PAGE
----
Fresh opportunity for campaign to block new ring-road plan for Barnsley park
Campaigners trying to block an urban park being used for a new traffic ring-road in Barnsley have been given a fresh opportunity to raise official objections to the scheme after experiencing a series of setbacks.
Barnsley Council intends to install a new traffic gyratory on the site of Penny Pie Park, between the M1 junction 37 and the town centre, to alleviate a bottleneck which, they say, will see traffic queuing back onto the motorway in future unless action is taken.
Although the plans provoked widespread resistance, with 250 objections and a 2,500 name petition against the scheme, it was approved by the council, won planning permission and most recently Minister James Brokenshire decided the plan would not be ‘called in’ by the Government, meaning there will be no public inquiry.
But it has emerged that Barnsley Council has to consult once again on the scheme, because it means using land currently designated public open space.
If there are objections – as expected – a report will have to be submitted to the authority’s ruling Cabinet for a fresh decision on whether the scheme can progress.
Should the consultations throw up fresh evidence, Cabinet members would have the option of refusing the “appropriation” of the land for highways use.
The need to switch the use of the park has been known to the council since plans for the gyratory were first formulated, with the option of looking to take up to six hectares of land out of ‘public green space’ written into the proposal.
To allow the development, the council will need only a fraction of that, 1.133 hectares, but campaigners have complained that will leave the park too badly compromised to be used, because much of it will become an island surrounded by the road, creating safety and pollution issues.
Coun Hannah Kitching, who has campaigned against the development along with her Liberal Democrat party and the Save Penny Pie Park protest group, said: “We will be bringing this opportunity to the attention of the residents who are interested in this case and will encourage them to take part in the consultation.”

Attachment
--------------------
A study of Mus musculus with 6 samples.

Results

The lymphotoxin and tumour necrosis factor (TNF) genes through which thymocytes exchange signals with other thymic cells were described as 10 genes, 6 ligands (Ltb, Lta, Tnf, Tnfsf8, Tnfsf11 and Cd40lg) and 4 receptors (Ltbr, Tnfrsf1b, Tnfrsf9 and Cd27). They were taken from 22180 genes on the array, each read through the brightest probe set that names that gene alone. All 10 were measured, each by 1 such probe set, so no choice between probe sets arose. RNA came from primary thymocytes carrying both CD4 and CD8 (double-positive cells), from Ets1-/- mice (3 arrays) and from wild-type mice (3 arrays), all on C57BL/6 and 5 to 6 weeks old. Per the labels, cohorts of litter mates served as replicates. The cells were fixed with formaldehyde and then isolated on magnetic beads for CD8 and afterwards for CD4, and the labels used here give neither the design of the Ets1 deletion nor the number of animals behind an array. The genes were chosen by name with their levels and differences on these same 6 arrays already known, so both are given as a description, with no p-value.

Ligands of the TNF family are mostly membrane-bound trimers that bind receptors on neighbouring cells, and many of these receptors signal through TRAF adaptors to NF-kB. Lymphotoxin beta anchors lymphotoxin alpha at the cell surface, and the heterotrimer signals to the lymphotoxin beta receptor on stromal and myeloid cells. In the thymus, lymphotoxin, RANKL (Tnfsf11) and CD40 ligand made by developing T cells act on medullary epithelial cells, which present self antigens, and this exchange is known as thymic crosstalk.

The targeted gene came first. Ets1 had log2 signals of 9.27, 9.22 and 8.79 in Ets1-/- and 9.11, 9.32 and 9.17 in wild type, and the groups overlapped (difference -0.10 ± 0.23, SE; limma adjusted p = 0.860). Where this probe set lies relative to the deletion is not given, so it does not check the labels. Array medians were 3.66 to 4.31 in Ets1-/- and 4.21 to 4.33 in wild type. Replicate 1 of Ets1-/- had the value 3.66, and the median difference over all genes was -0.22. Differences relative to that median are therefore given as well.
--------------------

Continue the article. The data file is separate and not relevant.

However, she questioned why the scheme had been allowed to proceed in the light of previous consultations where a raft of concerns had been raised by those living in the area and said the council had “completely ignored all of the written objections submitted”.
“What is the point of consultation if you don’t listen to what the community is saying?” she said.
Barnsley Council has conceded the scheme will have some negative impacts, but have selected it from more than 30 options which were explored by highways experts as the one expected to cause least problems, while tackling the traffic issue.
Barnsley is unusual in that the main route from the M1 to the town centre is a single carriageway trunk road, when most communities have dual carriageway links, capable of carrying more traffic.
As traffic levels have increased, that has become more of a problem and projections suggest if nothing is done traffic will be left queuing back onto the motorway at busy times, a situation the council says would not be tolerated by Highways England.
They want to avoid having to compulsorily purchase people’s homes, which would have to be demolished to make the space needed for alternative schemes.
Campaigners believe other options, such as improved public transport, should be the first option.
The council itself has recently adopted a policy of trying to slash the numbers of people using cars for commuting to work and the ‘school run’.
Consultations will go on through much of March, with the results being used to draw up the next report to the council.